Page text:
Ana Teresa Barboza

This slideshow requires JavaScript.

The use of embroidery and collage within her work is spectacular. The way she uses colour and texture to highlight sections of the piece, usually the animals, denoting humanities significance in comparison to nature.



Guerrilla Girls

This slideshow requires JavaScript.

“Who are the Guerrilla Girls?

We’re a bunch of anonymous females who take the names of dead women artists as pseudonyms and appear in public wearing gorilla masks. We have produced posters, stickers, books, printed projects, and actions that expose sexism and racism in politics, the art world, film and the culture at large. We use humor to convey information, provoke discussion, and show that feminists can be funny. We wear gorilla masks to focus on the issues rather than our personalities. Dubbing ourselves the conscience of culture, we declare ourselves feminist counterparts to the mostly male tradition of anonymous do-gooders like Robin Hood, Batman, and the Lone Ranger. Our work has been passed around the world by kindred spirits who we are proud to have as supporters. It has also appeared in The New York Times, The Nation, Bitch and Bust; on TV and radio, including NPR,, the BBC and CBC; and in countless art and feminist texts. The mystery surrounding our identities has attracted attention. We could be anyone; we are everywhere.”

What the Guerilla girls do is use a pseudonym as a platform for sharing and exposing the inequalities within the art and political world when it comes to women and people of colour. By using mask the make it so that the media cannot focus on them as individuals and sensationalise them but force them to look at the movement as a whole. They do this through the posters, billboard, protests and stickers the create making them become interrogated into our lives so that we are forced to become aware of it and by not giving you a chose in weather or not you are ignorant to the inequality within the world, much like many women and people of colour have no chose to the inequalities they have to deal with within their lives. The have been gaining success in getting their message across and have begun to be used a a platform for feminist activism long with their books being used to educate and inform.


Kate Bingaman Burt

With the birth control adverts the over femme colouring and the almost passive aggressive tome of the pieces, embodies the constant frustration of women who don’t want to have children but are ignored by other who automatically assume just cause they can have kids means they want kids. The zines based on little things that intregue her or give glimpses into her personallity, ie the shoplifing one or the fact that it seems that she thinks about terrible password a lot. Maybe because her own isn’t good? However it dosen’t matter because they become like little musings captured into zine format.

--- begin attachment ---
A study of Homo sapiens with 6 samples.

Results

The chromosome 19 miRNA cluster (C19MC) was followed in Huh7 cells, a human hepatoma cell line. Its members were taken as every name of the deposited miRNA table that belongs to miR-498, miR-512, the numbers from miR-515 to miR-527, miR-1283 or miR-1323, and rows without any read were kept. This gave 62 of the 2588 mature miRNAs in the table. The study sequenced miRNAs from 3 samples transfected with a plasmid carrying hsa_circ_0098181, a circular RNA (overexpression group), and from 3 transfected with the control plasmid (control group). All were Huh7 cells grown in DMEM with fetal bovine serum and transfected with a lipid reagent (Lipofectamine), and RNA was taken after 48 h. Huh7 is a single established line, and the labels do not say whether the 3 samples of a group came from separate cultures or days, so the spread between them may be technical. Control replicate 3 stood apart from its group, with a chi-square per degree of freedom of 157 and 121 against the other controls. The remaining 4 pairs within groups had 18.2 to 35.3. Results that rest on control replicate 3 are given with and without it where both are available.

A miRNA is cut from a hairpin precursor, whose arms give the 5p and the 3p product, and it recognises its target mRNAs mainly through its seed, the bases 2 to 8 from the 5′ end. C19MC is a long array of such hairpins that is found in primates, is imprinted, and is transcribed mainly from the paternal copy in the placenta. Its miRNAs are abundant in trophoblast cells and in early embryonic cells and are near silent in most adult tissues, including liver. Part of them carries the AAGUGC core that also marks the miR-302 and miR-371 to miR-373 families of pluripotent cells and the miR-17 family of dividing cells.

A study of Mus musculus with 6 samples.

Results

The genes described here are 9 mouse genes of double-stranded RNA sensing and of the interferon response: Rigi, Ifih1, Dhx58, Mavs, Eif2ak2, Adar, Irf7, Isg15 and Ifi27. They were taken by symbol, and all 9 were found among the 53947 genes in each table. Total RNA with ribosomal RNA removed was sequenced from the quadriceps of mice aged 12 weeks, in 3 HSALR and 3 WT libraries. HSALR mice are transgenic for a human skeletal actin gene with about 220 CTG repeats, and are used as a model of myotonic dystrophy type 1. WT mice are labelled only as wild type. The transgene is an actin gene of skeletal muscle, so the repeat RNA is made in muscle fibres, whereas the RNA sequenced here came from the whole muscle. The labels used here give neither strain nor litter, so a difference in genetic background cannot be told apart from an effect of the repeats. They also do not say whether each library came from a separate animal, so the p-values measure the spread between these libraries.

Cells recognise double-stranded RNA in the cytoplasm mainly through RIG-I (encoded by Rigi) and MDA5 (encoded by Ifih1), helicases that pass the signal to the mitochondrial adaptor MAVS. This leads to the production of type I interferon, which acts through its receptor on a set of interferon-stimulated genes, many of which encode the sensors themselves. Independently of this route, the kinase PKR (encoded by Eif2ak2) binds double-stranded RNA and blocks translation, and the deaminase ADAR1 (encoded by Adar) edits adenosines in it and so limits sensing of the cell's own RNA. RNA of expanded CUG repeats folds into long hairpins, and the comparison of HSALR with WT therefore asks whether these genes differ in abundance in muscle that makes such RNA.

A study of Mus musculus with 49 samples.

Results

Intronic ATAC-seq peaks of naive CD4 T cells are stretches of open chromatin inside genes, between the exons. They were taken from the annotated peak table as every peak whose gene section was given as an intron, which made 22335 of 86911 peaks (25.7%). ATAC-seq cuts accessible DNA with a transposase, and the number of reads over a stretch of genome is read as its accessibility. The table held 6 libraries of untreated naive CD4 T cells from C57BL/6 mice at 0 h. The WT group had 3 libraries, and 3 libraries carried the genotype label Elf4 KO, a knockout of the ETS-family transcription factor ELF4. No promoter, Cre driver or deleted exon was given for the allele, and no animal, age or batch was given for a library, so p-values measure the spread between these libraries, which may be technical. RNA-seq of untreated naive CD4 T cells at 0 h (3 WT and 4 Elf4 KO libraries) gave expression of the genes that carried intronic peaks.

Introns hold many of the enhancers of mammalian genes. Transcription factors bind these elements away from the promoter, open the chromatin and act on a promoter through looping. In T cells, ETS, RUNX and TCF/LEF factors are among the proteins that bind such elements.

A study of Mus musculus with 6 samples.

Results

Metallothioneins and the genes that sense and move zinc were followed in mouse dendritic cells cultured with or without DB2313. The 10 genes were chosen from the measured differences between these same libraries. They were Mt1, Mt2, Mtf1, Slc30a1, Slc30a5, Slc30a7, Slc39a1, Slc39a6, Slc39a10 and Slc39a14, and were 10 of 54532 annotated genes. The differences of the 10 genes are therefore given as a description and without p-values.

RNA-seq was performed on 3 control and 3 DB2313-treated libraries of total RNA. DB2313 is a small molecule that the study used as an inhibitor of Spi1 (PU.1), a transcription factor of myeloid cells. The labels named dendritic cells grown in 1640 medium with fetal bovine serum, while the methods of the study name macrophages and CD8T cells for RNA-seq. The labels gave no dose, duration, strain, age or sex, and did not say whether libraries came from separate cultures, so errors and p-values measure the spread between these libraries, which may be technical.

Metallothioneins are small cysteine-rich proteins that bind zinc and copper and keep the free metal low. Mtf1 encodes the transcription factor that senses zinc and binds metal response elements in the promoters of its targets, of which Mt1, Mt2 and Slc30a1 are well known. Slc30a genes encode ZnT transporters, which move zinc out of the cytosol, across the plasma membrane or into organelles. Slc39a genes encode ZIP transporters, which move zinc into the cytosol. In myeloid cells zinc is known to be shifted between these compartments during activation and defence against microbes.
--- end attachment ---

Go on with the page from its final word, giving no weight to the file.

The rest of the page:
Taylor Smith

Taylor looks at hot topic fads that emphasise the misogyny within western culture and combats it with satirical comebacks, emphasising the ridiculousness of the sexist argument with out appearing like an “angry feminist”. Her use of hyperbolising the issues, like the stereotyped man’s idea of a feminist or creating this propitious solutions to trends men make is a way of getting across how idiotic this opinions are without the fear of not listening to her because they just feels like she’s ranting, Taylor has used humour as a way of getting the message across, some times unnoticed by the masses.


Milo Manara

Milo’s Human History is a uncensored and unforgiving look at our history and the constant pattern of sex and violence throughout it. The piece looks at how we continue along the same cycle and how, unlike the unfiltered versions of history you are given as a child, the real life version is much more brutal. I love the unforgiving reality Milo gives to this piece as usually I find myself a bit put off by the hyper sexualised women he draws. Who, although painted, I believe via watercolour, superbly tend to be there as fantasy fulfilment to a heterosexua, male centric audience.